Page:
Known as the “Friendly Heart of the Great North West, Cloncurry is an area rich in minerals and history. Sitting on the crossroads of the Matilda Highway and the Overlander Way, its main industries are copper and gold mining and cattle. Our visit here was only going to be a brief one, just one night, but we made sure we arrived early enough to do some exploring.
Australia’s own: RFDS and Qantas
The birthplace of the Royal Flying Doctor Service and the destination of the first QANTAS flight, Cloncurry has played a major part in shaping Australia’s identity. Copper was discovered in the region in 1867 and the Great Australia Mine still exists today. Each year in July the Rockhana Festival showcases local minerals and gems and for 3 days the dazzling display is available to see, perhaps to touch, and even to purchase.
After checking in at the Gilbert Park Tourist Village we set off to see what there was to see in this charming little outback town, starting with the historic QANTAS hangar at the Cloncurry airport. Located at the hangar are some commemorative monuments depicting some important events in Australia’s aviation history and I was looking forward to seeing them but the place was closed when we got there. The airport is, apparently, usually really busy with flights in from places such as Brisbane, Townsville, and Cairns, and is the base for a local mustering company. But not this day it seemed.
A museum of the Outback
John Flynn Place is a museum dedicated to the Royal Flying Doctor Service and the man who started it, the bush clergyman Reverend John Flynn. The RFDS began on May 17, 1928 and is a crucial part of Outback life. The museum would, undoubtedly, be a fascinating look at life in the outback from the turn of the last century right up to today. There are many exhibitions including personal memorabilia and photographs of Flynn himself. The Fred McKay Art Gallery is also part of the museum and is named for the Rev. Fred McKay who, in the 1930’s in conjunction with the RFDS, began an aerial service delivering standard religious services (weddings, baptisms, and funerals) to outlying areas. But today wasn’t our day and we missed the museum and gallery as well. Everything must close early here on a Friday!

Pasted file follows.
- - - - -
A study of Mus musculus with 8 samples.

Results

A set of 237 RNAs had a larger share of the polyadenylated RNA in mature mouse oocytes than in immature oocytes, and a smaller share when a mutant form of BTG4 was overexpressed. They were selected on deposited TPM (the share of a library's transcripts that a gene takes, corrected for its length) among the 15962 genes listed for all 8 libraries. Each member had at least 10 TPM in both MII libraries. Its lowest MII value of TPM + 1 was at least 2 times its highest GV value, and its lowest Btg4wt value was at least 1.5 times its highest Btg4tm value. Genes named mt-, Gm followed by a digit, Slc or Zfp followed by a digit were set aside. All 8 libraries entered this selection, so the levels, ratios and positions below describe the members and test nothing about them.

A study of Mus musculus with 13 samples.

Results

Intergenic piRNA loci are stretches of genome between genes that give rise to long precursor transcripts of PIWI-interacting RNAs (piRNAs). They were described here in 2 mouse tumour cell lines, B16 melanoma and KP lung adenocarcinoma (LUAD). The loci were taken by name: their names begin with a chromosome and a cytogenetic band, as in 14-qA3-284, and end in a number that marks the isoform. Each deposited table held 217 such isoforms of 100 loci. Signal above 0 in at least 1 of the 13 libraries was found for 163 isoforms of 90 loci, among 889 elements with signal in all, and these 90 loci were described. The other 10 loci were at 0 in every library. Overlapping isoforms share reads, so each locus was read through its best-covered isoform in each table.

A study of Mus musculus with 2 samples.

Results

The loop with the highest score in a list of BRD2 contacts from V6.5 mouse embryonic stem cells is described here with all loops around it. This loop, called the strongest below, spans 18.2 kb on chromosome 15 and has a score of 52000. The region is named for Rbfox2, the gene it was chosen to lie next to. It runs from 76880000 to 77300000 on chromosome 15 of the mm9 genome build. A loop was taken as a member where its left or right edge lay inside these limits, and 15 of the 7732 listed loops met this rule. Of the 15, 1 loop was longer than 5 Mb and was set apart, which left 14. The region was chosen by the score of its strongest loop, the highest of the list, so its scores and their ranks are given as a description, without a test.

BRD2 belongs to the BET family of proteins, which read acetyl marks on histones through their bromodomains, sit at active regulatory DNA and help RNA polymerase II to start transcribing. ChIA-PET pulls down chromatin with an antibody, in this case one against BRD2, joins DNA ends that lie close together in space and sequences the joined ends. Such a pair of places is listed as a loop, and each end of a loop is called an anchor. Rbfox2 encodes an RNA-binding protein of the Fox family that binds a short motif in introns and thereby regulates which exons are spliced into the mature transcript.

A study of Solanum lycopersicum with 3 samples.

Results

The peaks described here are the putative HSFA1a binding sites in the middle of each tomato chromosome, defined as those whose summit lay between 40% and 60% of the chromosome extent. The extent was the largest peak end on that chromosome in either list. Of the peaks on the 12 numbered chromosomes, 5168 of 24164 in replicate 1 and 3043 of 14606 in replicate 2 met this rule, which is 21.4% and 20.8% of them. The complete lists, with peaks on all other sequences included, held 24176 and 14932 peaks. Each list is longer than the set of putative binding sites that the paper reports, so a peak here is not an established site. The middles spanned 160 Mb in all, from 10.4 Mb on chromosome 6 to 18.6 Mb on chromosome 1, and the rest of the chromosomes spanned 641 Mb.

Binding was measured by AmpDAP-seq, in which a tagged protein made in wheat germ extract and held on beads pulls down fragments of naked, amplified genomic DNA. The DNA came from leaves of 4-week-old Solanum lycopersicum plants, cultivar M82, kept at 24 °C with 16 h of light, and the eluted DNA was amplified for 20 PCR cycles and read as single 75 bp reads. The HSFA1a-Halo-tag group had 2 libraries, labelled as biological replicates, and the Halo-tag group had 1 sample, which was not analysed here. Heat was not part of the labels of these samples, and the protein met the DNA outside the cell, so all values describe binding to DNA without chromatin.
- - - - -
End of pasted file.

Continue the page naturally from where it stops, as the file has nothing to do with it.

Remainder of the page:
A ghost town memorial
An outdoor museum can be found at Mary Kathleen Memorial Park. The memorial pays tribute to the town of Mary Kathleen, once a thriving mining community and now, an eerie ghost town. On display are many artefacts and relics from the town, including some original buildings. One of these buildings houses historical photographs and memorabilia from throughout the region and its prized possession is explorer Robert O’Hara Burke’s waterbottle. There are many things to see and do here but with only this day, and being late afternoon already, our options were definitely limited.
The Gidgee Gun
The local pub seemed to be the place everyone gravitated towards and it was here that we discovered the Gidgee Gun. An amazing piece of technology designed to help the local indigenous population in their hunting, this spear set with telescopic sights is a classic. Proudly displayed above the bar at the pub, it truly is one of a kind!
On our return to camp we opened our bottle of Two Tails Sparkling Wine for our first night bubbly and then took a stroll over to have a look at Sunset Rock but the sun was setting and I didn’t feel like negotiating the track back after dark so we didn’t go too far. There’s a fascinating amount of history here that we didn’t get to see in our short visit, including the courthouse which is one of Cloncurry’s oldest buildings, and the post office, built in 1885.Known affectionately by the locals as “The Curry”, Cloncurry is a town I could come back to at some time and when we do we plan to stay a bit longer. Maybe we’ll see you there!
The information contained in this journal is derived from our personal recollections of our visit to this town or region and is correct as at the time of publication. austracks accepts no responsibility should any of this information be incorrect or misleading due to changes, improvements, or upgrades that may have occurred to places and/or attractions since our visit.